13 March 2014
Last updated at 11:46
Take a look at some of the winners and presenters from the video game Baftas, which saw zombie thriller The Last of Us taking home the top prize of best game.
Metal Gear creator Hideo Kojima presented the Bafta fellowship award to GTA V creators Rockstar Games. He told Newsbeat the company has "broken the scheme by introducing the concept of an open world, they did something that freed game designers and players of the boundaries."
Comedian Chris Ramsey (right) and Alex Brooker were also among the celebrities presenting awards. The British Academy Games Awards are in their tenth year and have become a highlight of the calendar for the games industry in the UK and around the world.
SBTV founder and, former Bafta Breakthrough Brit recipient Jamal Edwards with one of the winning team behind Brothers: A Tale of Two Sons, which won the game innovation award.
Sherlock and Dr Who writer Stephen Moffatt presented the award for Best Story to The Last of Us. He called video games "a brand new art form". He added: "It's something that kids expect, if there's a big successful TV show they'll expect there to be a game for it."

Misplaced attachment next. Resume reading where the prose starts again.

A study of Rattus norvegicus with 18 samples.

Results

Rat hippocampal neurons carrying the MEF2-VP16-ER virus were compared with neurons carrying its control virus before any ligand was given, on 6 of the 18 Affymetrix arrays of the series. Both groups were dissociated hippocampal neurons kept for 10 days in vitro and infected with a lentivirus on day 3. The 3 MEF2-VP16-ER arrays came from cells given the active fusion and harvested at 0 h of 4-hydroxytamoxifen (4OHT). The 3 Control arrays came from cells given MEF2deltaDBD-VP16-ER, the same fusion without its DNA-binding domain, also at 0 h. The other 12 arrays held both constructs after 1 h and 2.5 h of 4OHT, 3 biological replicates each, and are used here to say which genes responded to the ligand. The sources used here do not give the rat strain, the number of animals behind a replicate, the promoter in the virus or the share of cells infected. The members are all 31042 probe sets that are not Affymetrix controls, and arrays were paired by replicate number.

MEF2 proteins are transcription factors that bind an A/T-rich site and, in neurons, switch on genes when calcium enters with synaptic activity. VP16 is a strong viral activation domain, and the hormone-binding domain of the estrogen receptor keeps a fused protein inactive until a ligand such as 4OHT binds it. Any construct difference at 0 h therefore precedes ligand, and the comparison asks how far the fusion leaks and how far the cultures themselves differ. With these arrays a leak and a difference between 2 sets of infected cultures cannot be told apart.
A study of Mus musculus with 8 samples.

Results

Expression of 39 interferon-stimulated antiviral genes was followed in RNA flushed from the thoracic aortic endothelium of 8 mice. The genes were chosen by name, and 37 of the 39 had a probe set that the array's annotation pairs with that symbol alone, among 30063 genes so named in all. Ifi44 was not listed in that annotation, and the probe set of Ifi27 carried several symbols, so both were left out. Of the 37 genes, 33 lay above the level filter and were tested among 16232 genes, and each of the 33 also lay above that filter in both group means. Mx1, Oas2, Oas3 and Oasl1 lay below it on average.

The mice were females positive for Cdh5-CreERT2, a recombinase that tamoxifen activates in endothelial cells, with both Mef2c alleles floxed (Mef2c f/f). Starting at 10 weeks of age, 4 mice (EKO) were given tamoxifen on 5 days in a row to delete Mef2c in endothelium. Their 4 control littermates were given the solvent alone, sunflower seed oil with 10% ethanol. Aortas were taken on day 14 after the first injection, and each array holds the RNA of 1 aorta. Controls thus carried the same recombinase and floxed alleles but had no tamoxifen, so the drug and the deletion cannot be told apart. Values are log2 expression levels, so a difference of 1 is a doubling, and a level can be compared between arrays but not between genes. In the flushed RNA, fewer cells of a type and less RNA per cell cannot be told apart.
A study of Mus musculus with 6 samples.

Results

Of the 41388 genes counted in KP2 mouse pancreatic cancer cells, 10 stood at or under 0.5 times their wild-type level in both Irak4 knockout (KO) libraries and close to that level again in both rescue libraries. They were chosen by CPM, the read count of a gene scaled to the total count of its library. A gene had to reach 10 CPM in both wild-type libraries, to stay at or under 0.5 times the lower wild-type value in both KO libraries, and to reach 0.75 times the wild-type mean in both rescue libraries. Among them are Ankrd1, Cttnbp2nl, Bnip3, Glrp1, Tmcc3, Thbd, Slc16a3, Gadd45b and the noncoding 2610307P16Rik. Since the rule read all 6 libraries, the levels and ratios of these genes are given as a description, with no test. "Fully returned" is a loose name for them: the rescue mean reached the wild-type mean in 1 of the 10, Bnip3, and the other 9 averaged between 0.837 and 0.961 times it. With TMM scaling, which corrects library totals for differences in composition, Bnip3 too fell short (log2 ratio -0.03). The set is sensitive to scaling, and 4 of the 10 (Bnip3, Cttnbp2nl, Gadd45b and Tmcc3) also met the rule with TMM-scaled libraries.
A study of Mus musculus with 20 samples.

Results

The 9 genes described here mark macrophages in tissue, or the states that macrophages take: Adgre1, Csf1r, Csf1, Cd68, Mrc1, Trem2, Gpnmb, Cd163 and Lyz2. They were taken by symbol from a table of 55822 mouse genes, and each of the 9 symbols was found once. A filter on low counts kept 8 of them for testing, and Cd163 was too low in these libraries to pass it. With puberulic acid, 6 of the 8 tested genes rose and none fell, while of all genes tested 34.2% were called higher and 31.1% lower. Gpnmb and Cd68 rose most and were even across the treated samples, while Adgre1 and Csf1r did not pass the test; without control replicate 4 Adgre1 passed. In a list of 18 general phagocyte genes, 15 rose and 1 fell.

Dan Pearce was nominated in the debut game category for Castles in the Sky. He said it feels "kind of scary. My developer partner and I haven't been making games too long so it's amazing to be in this position. I'm a little bit worried we're peaking really early!"
Sophia George (third right) and Team DOS, whose Size DOES Matter game took the BAFTA ones to watch award in association with Dare to Be Digital.
The team behind The Last of Us, winner of five awards including Best Game, told Newsbeat they were sceptical about the game's appeal. "We would often having conversations about it not going to sell... but we stuck to our guns and made a game that we really wanted to play".
Lucas Pope won the strategy and simulation category for Papers Please. "I had some idea that people would like the game but no idea it would get this kind of reception. The story itself puts people in a position they're not used to and hopefully teaches them a little about themselves."